Technology Can Restore Hand Control to Quadriplegic
(p. A1) Five years ago, a college freshman named Ian Burkhart dived into a wave at a beach off the Outer Banks in North Carolina and, in a freakish accident, broke his neck on the sandy floor, permanently losing the feeling in his hands and legs.
On Wednesday [April 13, 2016], doctors reported that Mr. Burkhart, 24, had regained control over his right hand and fingers, using technology that transmits his thoughts directly to his hand muscles and bypasses his spinal injury. The doctors' study, published by the journal Nature, is the first account of limb reanimation, as it is known, in a person with quadriplegia.
Doctors implanted a chip in Mr. Burkhart's brain two years ago. Seated in a lab with the implant connected through a computer to a sleeve on his arm, he was able to learn by repetition and arduous practice to focus his thoughts to make his hand pour from a bottle, and to pick up a straw and stir. He was even able to play a guitar video game.
. . .
"Watching him close his hand for the first time -- I mean, it was a surreal moment," Dr. Rezai said. "We all just looked at each other and thought, 'O.K., the work is just starting.'"
After a year of training, Mr. Burkhart was able to pick up a bottle and pour the contents into a jar, and to pick up a straw and stir. The doctors, though delighted, said that more advances would be necessary to make the bypass system practical, affordable and less invasive, most likely through wireless technology. But the improvement was significant enough, at least in the lab, that rehabilitation specialists could reclassify Mr. Burkhart's disability from a severe C5 function to a less severe C7 designation.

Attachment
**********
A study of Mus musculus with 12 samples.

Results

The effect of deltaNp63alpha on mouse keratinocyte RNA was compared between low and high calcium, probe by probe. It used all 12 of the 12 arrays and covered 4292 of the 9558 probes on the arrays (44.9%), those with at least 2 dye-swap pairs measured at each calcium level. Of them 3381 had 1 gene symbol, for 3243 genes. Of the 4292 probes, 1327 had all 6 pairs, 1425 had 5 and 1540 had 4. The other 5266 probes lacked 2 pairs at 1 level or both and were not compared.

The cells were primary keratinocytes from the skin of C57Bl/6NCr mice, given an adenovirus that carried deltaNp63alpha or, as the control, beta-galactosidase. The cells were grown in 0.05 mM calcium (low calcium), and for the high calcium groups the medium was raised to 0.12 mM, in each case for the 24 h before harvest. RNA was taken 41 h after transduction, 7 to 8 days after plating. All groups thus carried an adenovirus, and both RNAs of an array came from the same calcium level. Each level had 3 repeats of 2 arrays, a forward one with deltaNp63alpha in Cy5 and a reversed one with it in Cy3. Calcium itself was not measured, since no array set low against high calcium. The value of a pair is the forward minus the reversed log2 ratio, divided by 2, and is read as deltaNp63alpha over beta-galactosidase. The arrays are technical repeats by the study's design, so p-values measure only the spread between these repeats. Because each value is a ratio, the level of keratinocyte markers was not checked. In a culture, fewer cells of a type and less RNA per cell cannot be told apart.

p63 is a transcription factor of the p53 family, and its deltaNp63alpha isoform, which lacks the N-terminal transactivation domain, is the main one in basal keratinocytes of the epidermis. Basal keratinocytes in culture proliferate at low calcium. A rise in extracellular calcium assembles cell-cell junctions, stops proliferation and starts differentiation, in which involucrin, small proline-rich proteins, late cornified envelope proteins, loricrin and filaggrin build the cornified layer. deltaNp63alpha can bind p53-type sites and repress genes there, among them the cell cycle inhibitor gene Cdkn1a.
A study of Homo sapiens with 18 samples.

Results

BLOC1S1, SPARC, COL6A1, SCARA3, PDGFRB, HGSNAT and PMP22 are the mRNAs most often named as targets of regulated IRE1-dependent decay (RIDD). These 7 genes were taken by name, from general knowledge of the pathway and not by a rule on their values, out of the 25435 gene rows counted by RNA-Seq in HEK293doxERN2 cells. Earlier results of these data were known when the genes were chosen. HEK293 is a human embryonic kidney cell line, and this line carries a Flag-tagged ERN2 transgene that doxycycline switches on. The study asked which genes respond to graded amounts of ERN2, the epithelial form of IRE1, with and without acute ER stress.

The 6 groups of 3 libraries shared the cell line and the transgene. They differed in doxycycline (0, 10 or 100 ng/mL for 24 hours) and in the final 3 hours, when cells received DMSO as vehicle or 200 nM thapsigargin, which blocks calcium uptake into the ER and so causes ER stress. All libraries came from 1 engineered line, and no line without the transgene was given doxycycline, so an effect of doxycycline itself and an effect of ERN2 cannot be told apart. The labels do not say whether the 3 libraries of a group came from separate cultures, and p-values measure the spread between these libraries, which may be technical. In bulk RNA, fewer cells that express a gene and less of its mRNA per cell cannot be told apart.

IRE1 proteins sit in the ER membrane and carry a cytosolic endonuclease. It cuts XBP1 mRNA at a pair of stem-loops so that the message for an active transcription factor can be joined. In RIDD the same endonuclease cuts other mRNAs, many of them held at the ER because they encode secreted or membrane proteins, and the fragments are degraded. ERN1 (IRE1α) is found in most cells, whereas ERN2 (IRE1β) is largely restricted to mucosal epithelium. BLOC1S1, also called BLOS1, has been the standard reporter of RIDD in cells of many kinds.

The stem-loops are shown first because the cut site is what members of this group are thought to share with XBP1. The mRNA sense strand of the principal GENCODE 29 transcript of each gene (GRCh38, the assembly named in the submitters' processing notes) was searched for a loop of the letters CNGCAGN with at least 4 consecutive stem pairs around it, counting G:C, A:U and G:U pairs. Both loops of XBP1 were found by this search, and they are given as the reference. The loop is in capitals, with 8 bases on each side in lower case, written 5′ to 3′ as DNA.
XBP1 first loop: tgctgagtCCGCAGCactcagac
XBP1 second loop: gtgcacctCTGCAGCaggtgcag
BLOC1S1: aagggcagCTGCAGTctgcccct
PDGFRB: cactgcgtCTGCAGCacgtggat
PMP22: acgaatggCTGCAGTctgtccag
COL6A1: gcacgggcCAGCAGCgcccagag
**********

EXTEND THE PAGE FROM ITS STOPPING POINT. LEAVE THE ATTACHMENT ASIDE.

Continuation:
For now, the funding for the project, which includes money from Ohio State, Battelle and private donors, is set to run out this year -- and with it, Mr. Burkhart's experience of restored movement.
"That's going to be difficult, because I've enjoyed it so much," Mr. Burkhart said. "If I could take the thing home, it would give me so much more independence. Now, I've got to rely on someone else for so many things, like getting dressed, brushing my teeth -- all that. I just want other people to hear about this and know that there's hope. Something will come around that makes living with this injury better."
For the full story, see:
(Note: ellipsis, and bracketed date, added.)
(Note: the online version of the story has the date APRIL 13, 2016, and has the title "Chip, Implanted in Brain, Helps Paralyzed Man Regain Control of Hand.")
The scientific article in Nature reporting the advance, is:
Bouton, Chad E., Ammar Shaikhouni, Nicholas V. Annetta, Marcia A. Bockbrader, David A. Friedenberg, Dylan M. Nielson, Gaurav Sharma, Per B. Sederberg, Bradley C. Glenn, W. Jerry Mysiw, Austin G. Morgan, Milind Deogaonkar, and Ali R. Rezai. "Restoring Cortical Control of Functional Movement in a Human with Quadriplegia." Nature 533, no. 7602 (May 12, 2016): 247-50.